Northern Ireland

Derry collector uncovers letters to James Connolly

The letters show details of James Connolly's everyday work as a socialist leader.
The letters show details of James Connolly's everyday work as a socialist leader. The letters show details of James Connolly's everyday work as a socialist leader.

A DERRY collector has unearthed a fascinating series of letters which shed light on the day-to-day life of Easter Rising leader, James Connolly.

The dictated letters were sent by Connolly’s close personal friend and Scottish socialist, John Carstairs Matheson in 1904.

The correspondence was found by Frankie McMenamin, an avid collector of historic memorabilia. Mr McMenamin discovered the valuable hoard at an antiques fair in County Donegal.

It is believed the letters were originally stored at Connolly House in Dublin but later came into the possession of collectors.

Mr McMenamin said: “I couldn’t believe what I was looking at when I lifted the bundle of letters. They were all immaculately typed and it was clear that they had been sent to Connolly. It was really exciting.

“They provide a fascinating insight into what occupied him on a daily basis and how much he was devoted to the socialist cause, even back in 1904.”

Born to Irish parents in Edinburgh in 1868, Connolly was the last of the signatories of the 1916 Proclamation to be executed by British forces after the Easter Rising. As founder of the Irish Citizen Army, he was co-leader of the Rising with Patrick Pearse.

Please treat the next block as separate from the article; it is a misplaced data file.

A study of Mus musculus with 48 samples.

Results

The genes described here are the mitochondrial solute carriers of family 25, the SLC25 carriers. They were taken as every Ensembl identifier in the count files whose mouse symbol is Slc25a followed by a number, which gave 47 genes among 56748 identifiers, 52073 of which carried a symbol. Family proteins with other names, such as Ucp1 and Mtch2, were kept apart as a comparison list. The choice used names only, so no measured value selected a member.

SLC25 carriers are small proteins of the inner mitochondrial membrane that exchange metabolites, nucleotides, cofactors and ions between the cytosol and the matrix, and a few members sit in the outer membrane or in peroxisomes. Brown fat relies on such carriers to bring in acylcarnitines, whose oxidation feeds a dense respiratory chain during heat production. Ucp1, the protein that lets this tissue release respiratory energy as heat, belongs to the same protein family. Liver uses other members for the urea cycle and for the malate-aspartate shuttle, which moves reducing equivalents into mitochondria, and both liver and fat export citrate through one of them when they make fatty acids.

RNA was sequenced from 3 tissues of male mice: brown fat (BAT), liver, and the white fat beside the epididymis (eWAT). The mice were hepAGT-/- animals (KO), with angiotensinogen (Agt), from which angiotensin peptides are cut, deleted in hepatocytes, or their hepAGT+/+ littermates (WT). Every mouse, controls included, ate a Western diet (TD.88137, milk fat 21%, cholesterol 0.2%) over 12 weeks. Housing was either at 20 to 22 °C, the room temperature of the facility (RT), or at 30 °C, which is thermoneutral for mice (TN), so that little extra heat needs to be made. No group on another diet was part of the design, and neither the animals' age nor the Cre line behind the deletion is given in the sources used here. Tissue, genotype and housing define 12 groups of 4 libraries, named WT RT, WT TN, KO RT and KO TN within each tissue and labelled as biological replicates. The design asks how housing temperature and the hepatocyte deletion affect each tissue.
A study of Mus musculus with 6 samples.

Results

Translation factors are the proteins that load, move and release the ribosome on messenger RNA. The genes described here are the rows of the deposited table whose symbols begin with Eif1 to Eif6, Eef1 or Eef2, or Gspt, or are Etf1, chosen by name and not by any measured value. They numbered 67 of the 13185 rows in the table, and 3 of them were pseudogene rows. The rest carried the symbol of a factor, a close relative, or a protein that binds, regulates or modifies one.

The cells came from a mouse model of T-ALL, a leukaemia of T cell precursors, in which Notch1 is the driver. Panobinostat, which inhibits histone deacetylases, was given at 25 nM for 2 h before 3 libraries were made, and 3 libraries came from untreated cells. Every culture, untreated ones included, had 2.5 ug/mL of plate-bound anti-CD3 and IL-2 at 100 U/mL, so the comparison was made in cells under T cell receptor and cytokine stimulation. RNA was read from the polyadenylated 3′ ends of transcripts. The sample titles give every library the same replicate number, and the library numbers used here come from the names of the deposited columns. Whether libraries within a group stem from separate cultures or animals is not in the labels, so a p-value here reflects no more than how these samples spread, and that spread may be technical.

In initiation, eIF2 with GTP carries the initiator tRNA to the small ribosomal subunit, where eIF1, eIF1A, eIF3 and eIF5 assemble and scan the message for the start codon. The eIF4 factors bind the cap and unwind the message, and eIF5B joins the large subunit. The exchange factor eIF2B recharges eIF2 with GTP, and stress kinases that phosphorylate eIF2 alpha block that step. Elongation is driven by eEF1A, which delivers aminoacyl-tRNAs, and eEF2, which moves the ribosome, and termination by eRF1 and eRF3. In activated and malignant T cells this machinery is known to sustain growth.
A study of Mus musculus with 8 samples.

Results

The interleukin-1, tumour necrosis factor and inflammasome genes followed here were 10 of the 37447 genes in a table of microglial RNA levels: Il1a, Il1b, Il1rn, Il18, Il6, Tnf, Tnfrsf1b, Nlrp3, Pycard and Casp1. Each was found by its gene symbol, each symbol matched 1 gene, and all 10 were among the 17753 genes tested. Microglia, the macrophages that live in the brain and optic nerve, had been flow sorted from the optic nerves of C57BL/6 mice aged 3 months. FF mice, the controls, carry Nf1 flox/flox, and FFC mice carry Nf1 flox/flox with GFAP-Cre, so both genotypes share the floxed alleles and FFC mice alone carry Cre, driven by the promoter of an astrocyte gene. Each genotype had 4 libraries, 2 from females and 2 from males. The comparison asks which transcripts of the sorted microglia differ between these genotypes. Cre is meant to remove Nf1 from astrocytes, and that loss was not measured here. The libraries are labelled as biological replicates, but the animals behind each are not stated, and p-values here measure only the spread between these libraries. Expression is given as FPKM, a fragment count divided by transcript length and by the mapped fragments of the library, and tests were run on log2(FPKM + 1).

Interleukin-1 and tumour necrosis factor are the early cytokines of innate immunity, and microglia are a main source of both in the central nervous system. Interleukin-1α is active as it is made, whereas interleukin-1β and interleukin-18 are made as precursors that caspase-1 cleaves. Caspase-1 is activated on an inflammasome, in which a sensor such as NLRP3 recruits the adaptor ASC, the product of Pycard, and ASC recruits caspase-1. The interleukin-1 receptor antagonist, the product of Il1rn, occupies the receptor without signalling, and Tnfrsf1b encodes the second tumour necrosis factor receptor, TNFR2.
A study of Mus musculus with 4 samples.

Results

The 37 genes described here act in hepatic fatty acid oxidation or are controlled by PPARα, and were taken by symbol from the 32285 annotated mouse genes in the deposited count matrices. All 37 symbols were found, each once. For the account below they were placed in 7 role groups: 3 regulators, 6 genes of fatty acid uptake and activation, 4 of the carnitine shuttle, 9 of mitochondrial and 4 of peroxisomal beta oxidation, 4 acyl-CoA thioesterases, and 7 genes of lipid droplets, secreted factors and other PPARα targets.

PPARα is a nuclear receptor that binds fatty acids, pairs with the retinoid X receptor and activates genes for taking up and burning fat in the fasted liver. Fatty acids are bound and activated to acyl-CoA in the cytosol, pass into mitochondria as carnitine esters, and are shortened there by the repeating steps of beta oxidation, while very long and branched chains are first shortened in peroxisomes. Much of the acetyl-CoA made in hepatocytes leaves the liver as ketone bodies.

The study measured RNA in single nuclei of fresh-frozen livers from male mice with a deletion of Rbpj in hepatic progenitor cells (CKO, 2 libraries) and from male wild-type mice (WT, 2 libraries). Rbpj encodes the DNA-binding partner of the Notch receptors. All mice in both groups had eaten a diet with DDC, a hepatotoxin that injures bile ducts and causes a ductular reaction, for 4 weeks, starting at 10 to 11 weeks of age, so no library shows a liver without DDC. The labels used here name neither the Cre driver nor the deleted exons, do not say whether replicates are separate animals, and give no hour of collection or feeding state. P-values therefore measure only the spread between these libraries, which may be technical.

Connolly retained close links with the Scottish left, largely through his friendship with Carstairs Matheson, leader of the Social Democratic Federation and the Socialist Labour Party in Scotland.

A school teacher from Falkirk, Carstairs Matheson was a Gaelic speaker and editor of “The Socialist”, a newspaper established by Connolly in 1901.

Carstairs Matheson’s letters reveal a warm bond between the two men, with the Scot displaying a wicked sense of humour, not to mention a love of colourful language. The letters are dotted with words for those who invoked his and Connolly’s wrath such as “muckwallowers” and “reptiles”.

He reserved some of his most stinging criticism for US socialist and founder of “revolutionary industrial unionism”, Daniel De Leon.

Carstairs Matheson praises a column by Connolly in May 1904 for his “dastardly and contemptible stab in the back” for the American and promises to send him 100 copies of The Socialist in which the column is printed.

“I always thought you were a titanic sort of being, James, but I never realised it so thoroughly as when I read that Machiavellian article of yours,” he said.

The letters also give an insight to the tensions between various socialist and left-wing groups. It is particularly interesting that the anti-Semitism which continues to frustrate the British Labour Party was an issue in 1904.

Carstairs Matheson asked of Connolly if he still read the United Irishman”. He noted it carried details of attacks on Jews in Limerick.

“They are strong on the anti-Semitic racket just now and are glorifying as a patriot some priest in Limerick who is preaching a crusade against them, the Jews, a crusade which has led to a certain number of assaults and rifling of shops etc. in that town.”

Other letters give details of the day to day life of both men, with Carstairs Matheson outlining plans to increase the size of The Socialist and asking for more “copy” from Connolly.

In a letter at the end of March 1904, he details to Connolly the reaction to the most recent edition of The Socialist, noting that “the Labourites are all off their head about the Chinese Labour business”.

Mr McMenamin said he was delighted with his find. He believed they would also give an indication of the hardships faced by ordinary working men and women in the early 1900s.